My father, Carlos Evangelista was diagnosed with Stage 4 Prostate Cancer with Bone Metastasis (Gleason score 10) in July 2017. He’s been under medication since then, and more meds are needed now and it is a challenge for us to sustain his treatment. Recently, the doctor recommended to put him on Xtandi, a very expensive drug that will help lower down his testosterone levels and (hopefully) prevent or slow down the progression of the cancer. One cycle (1 month) costs P120,000.00 ($2,235.48), and he will have to be on it for 5-6 cycles amounting to more than half a million pesos. We have already sought medical assistance from the Philippine Charity Sweepstakes Office (PCSO) and an interview has been scheduled on 14 September 2018. Until we get PCSO’s approval, we are uncertain if we will be able to get hold of this drug anytime soon. Please help. Any amount that you will wholeheartedly give is very much appreciateed. On behalf of our family, thank you!
01 August 2018 Update:
On 23 July 2018, as recommended by a certain doctor, I went to PCSO Shaw to see if I can have the interview rescheduled at an earlier time. I was asked to go back to PCSO Lung Center to (the first branch I went to) to look for an officer that can help me reschedule. The officer asked me to go back to the doctor to request for a letter stating when the medication was needed as this will be their basis for rescheduling. Good thing that that day, which is also my dad’s birthday day, was our doctor’s appointment and I was able to obtain the required letter stating that the medication should start by 01 August 2018.
On 24 July I went back to the officer to submit the letter. I was then asked to meet with a social worker for the schedule. Thankfully, my interview was moved from 14 September to 30 July.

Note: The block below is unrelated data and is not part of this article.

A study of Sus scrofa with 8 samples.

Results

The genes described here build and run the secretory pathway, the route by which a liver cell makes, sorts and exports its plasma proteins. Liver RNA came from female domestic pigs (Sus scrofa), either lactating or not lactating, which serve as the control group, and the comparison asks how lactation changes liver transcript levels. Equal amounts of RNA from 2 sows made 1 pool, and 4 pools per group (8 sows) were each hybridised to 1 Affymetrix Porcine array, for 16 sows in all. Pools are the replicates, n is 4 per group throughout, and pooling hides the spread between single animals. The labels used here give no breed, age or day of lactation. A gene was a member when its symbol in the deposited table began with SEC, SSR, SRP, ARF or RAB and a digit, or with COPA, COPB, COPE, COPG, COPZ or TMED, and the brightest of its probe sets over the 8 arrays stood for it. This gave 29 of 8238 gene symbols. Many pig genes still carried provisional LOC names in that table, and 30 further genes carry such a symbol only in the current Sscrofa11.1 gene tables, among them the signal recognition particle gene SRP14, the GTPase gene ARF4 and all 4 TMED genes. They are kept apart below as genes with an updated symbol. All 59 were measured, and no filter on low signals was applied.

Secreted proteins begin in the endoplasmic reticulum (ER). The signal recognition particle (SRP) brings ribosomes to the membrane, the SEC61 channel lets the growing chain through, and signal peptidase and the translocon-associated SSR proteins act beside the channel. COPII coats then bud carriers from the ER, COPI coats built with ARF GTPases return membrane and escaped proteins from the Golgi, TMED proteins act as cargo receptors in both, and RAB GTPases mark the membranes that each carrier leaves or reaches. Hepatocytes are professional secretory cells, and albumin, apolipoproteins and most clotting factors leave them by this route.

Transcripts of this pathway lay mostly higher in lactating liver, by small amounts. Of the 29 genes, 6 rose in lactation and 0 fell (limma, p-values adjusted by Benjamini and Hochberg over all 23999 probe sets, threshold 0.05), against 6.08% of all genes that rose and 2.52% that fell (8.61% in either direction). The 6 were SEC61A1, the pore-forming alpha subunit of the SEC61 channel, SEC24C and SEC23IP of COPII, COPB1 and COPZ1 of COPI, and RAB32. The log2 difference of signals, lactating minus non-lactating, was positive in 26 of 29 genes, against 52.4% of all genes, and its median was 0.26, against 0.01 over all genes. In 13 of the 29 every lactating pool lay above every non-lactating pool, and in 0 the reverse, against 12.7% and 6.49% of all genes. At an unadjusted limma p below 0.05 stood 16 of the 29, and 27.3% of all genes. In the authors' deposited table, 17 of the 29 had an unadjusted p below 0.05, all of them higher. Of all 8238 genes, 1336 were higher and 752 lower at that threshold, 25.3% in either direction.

On 26 July, my dad was rushed to the hospital again due to excruciating pain and swelling of his left hip. The doctor advised that he might need to be referred to Pain Management soon, which is not covered by our HMO.
On 27 July, we agreed to have him on a Patient Controlled Analgesia (PCA) that will pump a small constant flow of pain medication via IV. If he feels pain again that bothers him or that which is of a 3-4 pain score/level, additional dosage can be administered by pressing a button. As it was explained to us, this machine can help determine the appropriate dosage that will be converted into oral medication or pain patch once discharged.
On 30 July, I was at the PCSO as early as 3:50AM but wasn’t interviewed until around 9:30AM. After worrying about the questions and whether the request will be approved or not, I was finally advised that we have been granted the maximum limit of P80,000.00 ($1,290.81) and that I can claim the guarantee letter the next day, which I did. We’re very thankful that we can finally start the medication, but we still need to raise the remaining amount and the funds for the succeeding months. We were finally out of the hospital but had to shell out a big amount for the pain management. Another set of pain medication was also prescribed. This is on top of his existing meds.